Real Name: Tracy Curry
D.O.B: June 10, 1968 Texas State
The D.O.C. plays a monumental part to the west coast rap movement. A rapper from Ruthless Records, D.O.C. did most of his work behind the wheels of the greatest west coast rap vehicle driving gangsta rap into the 21st century. An integral member of the N.W.A. crew and close friend of Dr. Dre, he became the catalyst for the continued creativity of gangsta rap and G-Funk explosion.
Born in Texas, Tracy moved to Compton, California known amongst other things for it's bingo halls, to later split from existing mid-west group, The Fila Fresh Crew to join the talented force of Compton’s home grown Ruthless Records. With Eazy-E signing up World Class Wreckin’ Crew’s Dr. Dre, DJ Yella and C.I.A.’s Ice Cube for the super group, N.W.A. D.O.C. was busy working on his own project for the label. His first break came when Ice Cube briefly departed from the group just before the launch of their début, ‘N.W.A. & The Posse’ in 1986. D.O.C. became the ghost writer for the group with Dre and Yella producing tracks. Soon after, with Cube returned, Eazy had released N.W.A.’s début ‘Straight Outta Compton’. Eazy immediately after released D.O.C.’s first album, ‘No-One Can Do It Better’ produced by Dr. Dre with hit track, ‘Funky Enough’ débuting fifth on the billboard’s Top Rap Single that year. His lyrical content went against the grain of the trend of Californian gangsta rap albums emerging, with a distinct east coast style behind Dr. Dre’s revolutionary production shadow with hints of rock and reggae influences streaming throughout the LP. No-One Can Do It Better is considered a collector’s classic today.
By late 1989 at the peak of Ruthless’ dominance on the west coast The D.O.C. suffered immeasurable injuries from a car accident and was consequently hospitalised with his vocal cords severed as a result. This would prove to be an insuperable hindrance for his continued career as a rapper. It was while in hospital where D.O.C. first met a talent scout working for Tom Kline(then sports agent) fascinated with getting into the music industry. The talent scout was a hulking figure from the same streets of Compton as his Ruthless label mates named Marion ‘Suge’ Knight. He showed a dedicated concern for the emerging west coast rap star, driving his mother up to see him occasionally and using the visits to win over his business as manager, citing that Eazy-E and co-owner of Ruthless, Jerry Heller were duping him out of due royalty payments for ghost writing on N.W.A. tracks. Suge displayed what would famously be his business acumen of pouncing on the vulnerability of discontented artists like a hunter to limping prey.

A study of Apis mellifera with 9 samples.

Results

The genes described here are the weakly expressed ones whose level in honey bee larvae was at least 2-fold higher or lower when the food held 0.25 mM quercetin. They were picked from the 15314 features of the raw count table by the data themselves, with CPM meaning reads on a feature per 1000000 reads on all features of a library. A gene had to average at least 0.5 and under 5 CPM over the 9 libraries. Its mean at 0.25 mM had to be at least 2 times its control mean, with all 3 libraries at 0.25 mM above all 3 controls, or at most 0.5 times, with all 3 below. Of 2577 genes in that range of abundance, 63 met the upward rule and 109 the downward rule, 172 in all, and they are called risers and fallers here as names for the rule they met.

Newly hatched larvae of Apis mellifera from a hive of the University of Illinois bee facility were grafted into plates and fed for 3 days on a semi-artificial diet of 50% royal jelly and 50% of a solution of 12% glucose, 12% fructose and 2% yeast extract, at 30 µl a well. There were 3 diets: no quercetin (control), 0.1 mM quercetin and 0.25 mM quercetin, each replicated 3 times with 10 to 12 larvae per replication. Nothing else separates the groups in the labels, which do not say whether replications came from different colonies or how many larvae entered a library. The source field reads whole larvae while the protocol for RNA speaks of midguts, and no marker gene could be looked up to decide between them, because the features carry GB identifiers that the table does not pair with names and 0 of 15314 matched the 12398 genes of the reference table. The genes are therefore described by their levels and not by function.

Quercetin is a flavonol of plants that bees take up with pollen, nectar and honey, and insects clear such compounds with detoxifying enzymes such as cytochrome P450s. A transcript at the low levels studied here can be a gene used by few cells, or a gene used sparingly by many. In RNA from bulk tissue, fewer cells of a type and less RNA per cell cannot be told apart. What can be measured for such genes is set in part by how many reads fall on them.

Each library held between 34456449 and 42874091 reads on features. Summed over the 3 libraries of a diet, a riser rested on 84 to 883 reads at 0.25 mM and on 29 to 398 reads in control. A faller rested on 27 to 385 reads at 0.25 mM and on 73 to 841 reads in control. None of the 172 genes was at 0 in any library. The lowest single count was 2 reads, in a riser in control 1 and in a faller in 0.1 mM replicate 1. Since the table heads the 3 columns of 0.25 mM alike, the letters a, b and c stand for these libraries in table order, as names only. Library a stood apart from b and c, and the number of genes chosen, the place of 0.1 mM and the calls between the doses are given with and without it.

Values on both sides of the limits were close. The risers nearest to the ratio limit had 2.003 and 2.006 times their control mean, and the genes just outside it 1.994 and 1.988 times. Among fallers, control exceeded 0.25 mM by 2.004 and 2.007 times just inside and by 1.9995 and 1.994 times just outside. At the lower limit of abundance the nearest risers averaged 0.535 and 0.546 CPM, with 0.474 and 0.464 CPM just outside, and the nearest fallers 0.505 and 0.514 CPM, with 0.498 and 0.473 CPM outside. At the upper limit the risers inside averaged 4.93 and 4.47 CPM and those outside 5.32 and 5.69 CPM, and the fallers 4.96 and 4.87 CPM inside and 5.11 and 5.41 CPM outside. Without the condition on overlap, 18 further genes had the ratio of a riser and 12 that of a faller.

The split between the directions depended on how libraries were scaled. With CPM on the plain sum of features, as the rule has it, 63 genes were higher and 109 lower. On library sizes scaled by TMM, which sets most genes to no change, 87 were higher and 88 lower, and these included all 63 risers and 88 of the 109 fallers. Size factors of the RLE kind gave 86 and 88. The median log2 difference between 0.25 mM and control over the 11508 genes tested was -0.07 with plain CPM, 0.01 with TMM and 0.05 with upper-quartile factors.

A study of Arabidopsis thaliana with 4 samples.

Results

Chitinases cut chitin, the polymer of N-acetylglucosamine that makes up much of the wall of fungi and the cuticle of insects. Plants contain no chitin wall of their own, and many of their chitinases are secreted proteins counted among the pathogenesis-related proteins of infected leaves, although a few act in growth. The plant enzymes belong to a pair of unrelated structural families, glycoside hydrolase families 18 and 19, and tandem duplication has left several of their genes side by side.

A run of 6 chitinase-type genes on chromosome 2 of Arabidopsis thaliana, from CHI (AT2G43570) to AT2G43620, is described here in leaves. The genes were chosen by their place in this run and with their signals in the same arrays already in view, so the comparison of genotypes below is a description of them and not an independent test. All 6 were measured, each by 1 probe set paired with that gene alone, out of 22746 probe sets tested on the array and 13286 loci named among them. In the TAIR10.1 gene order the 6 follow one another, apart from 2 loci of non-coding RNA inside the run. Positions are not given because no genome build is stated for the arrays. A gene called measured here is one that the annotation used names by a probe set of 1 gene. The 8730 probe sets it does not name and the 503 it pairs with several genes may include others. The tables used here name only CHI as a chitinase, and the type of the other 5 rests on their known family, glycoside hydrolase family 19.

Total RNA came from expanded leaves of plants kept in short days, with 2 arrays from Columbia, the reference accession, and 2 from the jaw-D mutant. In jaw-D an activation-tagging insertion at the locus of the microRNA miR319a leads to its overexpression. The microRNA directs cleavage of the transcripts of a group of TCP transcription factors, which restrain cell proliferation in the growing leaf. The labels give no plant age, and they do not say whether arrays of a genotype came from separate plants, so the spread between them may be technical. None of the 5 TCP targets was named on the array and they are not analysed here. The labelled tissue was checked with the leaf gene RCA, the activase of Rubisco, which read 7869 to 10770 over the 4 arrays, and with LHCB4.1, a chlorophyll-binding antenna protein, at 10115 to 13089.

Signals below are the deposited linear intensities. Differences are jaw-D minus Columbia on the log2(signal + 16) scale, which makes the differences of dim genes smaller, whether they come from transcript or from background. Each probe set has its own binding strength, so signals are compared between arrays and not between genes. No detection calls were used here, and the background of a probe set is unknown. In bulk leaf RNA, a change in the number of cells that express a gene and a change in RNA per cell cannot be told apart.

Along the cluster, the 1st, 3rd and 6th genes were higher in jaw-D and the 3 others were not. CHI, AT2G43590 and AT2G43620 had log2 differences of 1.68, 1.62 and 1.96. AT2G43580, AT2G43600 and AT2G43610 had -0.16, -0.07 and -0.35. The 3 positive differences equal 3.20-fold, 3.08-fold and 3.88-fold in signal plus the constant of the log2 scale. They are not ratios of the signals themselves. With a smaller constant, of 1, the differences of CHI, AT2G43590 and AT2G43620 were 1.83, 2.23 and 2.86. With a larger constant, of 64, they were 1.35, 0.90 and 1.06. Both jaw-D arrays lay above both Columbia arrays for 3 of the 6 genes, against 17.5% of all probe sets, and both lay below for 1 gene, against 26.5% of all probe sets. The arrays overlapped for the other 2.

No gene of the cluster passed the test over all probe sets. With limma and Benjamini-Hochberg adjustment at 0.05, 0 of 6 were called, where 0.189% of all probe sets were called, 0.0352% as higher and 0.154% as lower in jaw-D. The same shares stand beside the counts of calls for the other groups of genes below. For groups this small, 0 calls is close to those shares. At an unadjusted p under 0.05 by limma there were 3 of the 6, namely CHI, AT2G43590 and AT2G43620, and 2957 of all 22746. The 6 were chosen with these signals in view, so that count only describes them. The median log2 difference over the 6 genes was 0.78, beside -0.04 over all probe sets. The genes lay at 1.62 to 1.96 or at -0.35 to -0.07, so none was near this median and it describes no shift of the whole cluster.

Suge soon started to orchestrate autograph signing appearances. He effectively acted as protection for D.O.C. As very few rappers were as tough as they portrayed, D.O.C.’s album hit the charts and gave him a local celebrity, making him prime target for gang-bangers who sort credibility by beating up or jacking a rapper. D.O.C. recalled in an interview of a time he stepped outside a club with Suge at his side when he was confronted by a gang-member with intent to harm the rapper, “Some nigga run up on me like he was fixin’ to hit me in the jaw. Suge just tore his ass up, I mean he broke him down to his component parts.”
It was apparent Suge was using D.O.C. as a vehicle to get closer to his companions from N.W.A. and the Ruthless Records artists, most importantly shining star Dr. Dre. Foreseeing the conclusion of N.W.A. Suge wanted to be first in line to pick up the wandering talent for what he had later planned, a super west coast record label. At the period of 1991-2 as Dre and D.O.C. fought with Ruthless Records over financial compensation, he was fighting a hard battle out of contract. It was D.O.C. who introduced Dre to Suge for his help. Again exploiting Dre at his most vulnerable he went in to the offices of Ruthless Records with the purpose of releasing Dre, D.O.C. and several others from their contractual ties to Eazy’s company. After a strenuous season of continual abuse and terrorizing of Ruthless staff, Suge finally intimidated Eazy-E with two menacing Compton Piru Blood gang members wielding lead piping standing behind E as Suge threatened his mother’s life and told him they had Jerry Heller bound and gagged in a van outside the building. The Compton street tactics worked. A host of artists were released alongside D.O.C. and Dre from Ruthless Records. Suitably impressed with the immense power of this protection, Dre followed D.O.C. and Suge into the new period of gangsta rap.